Press Release – Action for Economic Reforms – 31 May 2012

MEMBERS OF the Northern Luzon Alliance who have been flogging the Abaya sin tax bill for flouting the interests of tobacco growers may be in need of a reality-check. According to a body of over 10,000 farmers from the Ilocos region, a failure to enact the amended HB 5727 could actually be driving the livelihoods of tobacco planters and their families further into jeopardy.

“Our congressmen from Northern Luzon have been some of the harshest critics of raising taxes on cigarette products. But they especially should be the ones supporting the bill that will reform our sin taxes on tobacco,” stressed Avelino Dacanay, chairman of the Solidarity of Peasants against Exploitation (STOP-Exploitation). STOP-Exploitation is a farmers’ organization seeking to improve the welfare of small farmers in the Ilocos provinces through land reform and the fair pricing of planters’ produce.

“Kung tutuusin, ang pagtaas ng buwis sa tabako na iminungkahi ng HB 5727 ay dagdag na tulong sa amin kung ito ay totoong makakarating sa mga magsasakang nangangailangan ng tulong,” Dacanay said. (In reality, the increase in tobacco taxes proposed by HB5727 will benefit tobacco farmers if the proceeds will really go to the farmers who need help.)

Since Philip Morris International and Fortune Tobacco merged in February 2010 to form Philip Morris Fortune Tobacco Corp. (PMFTC), the new tobacco titan has cornered as much as 97.15% of the national cigarette market, based on BIR withdrawals data. Much of this market dominance owes to the fact that PMFTC’s brands have been preferentially taxed compared to those of potential competitors.

Yet this has threatened the incomes of small tobacco growers, more than half of whom sell their produce directly to cigarette manufacturers. Soon after the PMFTC merger, revealed Dacanay, selling prices for planters growers nose-dived by 23% to P73 per kilo in lopsided negotiations between buyers, government officials, and farmers’ groups during that year’s tobacco tripartite conference.

“This drop in prices has left farmers in worse straits than before, making the passage of HB 5727 even more urgent,” claimed Dacanay. “Reforming our cigarettes taxes will not only raise funds for projects for tobacco farmers; it will open doors for more buyers of tobacco leaf. These will help, not hurt, farmers.”

“Over the years, thousands of tobacco farmers have actually been phasing out of tobacco,” argued AER senior economist Jo-Ann Latuja, “Agricultural statistics show that land devoted to tobacco growing has halved over the past two decades: from 63,200 hectares in 1990 to only 29,707 hectares in 2010.”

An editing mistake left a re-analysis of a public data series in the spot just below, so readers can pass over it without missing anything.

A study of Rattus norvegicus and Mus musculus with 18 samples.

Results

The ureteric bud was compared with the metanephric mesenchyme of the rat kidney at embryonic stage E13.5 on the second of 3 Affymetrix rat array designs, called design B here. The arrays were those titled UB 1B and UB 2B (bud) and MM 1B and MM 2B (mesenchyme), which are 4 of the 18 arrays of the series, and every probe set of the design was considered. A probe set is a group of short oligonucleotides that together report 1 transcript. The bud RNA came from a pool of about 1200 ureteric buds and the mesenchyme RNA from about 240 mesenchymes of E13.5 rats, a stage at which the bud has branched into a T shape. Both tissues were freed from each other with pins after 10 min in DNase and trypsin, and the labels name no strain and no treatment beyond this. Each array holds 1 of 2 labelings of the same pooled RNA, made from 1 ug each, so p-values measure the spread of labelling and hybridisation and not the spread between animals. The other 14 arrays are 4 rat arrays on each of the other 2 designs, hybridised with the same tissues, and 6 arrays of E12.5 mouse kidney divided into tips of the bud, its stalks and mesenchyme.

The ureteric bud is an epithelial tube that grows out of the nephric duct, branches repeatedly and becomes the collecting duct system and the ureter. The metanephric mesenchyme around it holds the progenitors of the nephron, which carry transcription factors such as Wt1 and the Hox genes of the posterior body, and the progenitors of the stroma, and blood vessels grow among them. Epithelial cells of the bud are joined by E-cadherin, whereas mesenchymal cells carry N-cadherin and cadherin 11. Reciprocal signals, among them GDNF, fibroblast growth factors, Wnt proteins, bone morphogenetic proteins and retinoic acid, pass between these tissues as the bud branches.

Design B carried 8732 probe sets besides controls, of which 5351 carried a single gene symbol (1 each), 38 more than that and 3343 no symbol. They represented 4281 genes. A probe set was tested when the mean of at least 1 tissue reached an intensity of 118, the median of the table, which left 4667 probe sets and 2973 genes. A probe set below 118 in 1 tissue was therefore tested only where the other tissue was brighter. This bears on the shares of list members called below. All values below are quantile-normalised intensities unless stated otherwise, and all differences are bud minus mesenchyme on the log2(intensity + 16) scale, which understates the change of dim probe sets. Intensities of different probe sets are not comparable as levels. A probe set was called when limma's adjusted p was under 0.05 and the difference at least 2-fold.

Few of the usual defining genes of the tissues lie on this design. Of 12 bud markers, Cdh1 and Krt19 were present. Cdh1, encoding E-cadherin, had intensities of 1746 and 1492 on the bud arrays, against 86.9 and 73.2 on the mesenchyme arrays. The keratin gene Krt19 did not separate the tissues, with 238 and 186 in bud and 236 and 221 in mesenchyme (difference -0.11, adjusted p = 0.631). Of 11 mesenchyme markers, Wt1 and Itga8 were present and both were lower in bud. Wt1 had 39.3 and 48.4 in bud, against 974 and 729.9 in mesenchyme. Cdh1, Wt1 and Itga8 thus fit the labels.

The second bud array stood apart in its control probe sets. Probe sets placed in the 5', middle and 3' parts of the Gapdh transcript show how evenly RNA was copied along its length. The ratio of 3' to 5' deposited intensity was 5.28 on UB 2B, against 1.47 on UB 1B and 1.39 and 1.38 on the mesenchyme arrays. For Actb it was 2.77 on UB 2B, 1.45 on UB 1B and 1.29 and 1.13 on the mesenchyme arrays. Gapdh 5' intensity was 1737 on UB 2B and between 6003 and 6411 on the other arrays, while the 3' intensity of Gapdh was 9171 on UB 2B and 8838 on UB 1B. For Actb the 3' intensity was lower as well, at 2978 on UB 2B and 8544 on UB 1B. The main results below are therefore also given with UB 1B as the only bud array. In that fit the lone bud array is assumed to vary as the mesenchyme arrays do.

In fact, a 2008 study of Dr. Rene Rafael Espino of UPLB discovered that farmers have already been shifting to other crops due to tobacco’s steep input costs and labor needs. Virginia tobacco— the most common variant in Region One— demands higher seasonal expenditures (P41,990) than crops like corn (P14990) and onions (P30310). It is also the single most laborious crop to grow, requiring 261 man-days of work per season compared to only 115 and 128 man-days for corn and sweet pepper.

Against views espoused by solons opposed to HB 5727, the same study conclusively demonstrated that tobacco-cultivating areas are suitable for alternative crops like corn, vegetables, and peppers. For some cases, the viable areas for these crops are even larger than those for tobacco.

“The reality of tobacco farmers is a sign that tobacco has become a sunset industry,” pressed Latuja. “Now more than ever, our legislators must act to improve the livelihoods of these farmers by approving the Abaya sin tax bill. HB 5727 will ensure more resources for farmers who want to transition smoothly out of tobacco. But it will also guarantee better bargaining power for those who will still plant it.”

“At all costs,” said Latuja. “This bill must become law in 2012. Should our lawmakers fail to do this, it will be the farmers, most of all, who will actually suffer.”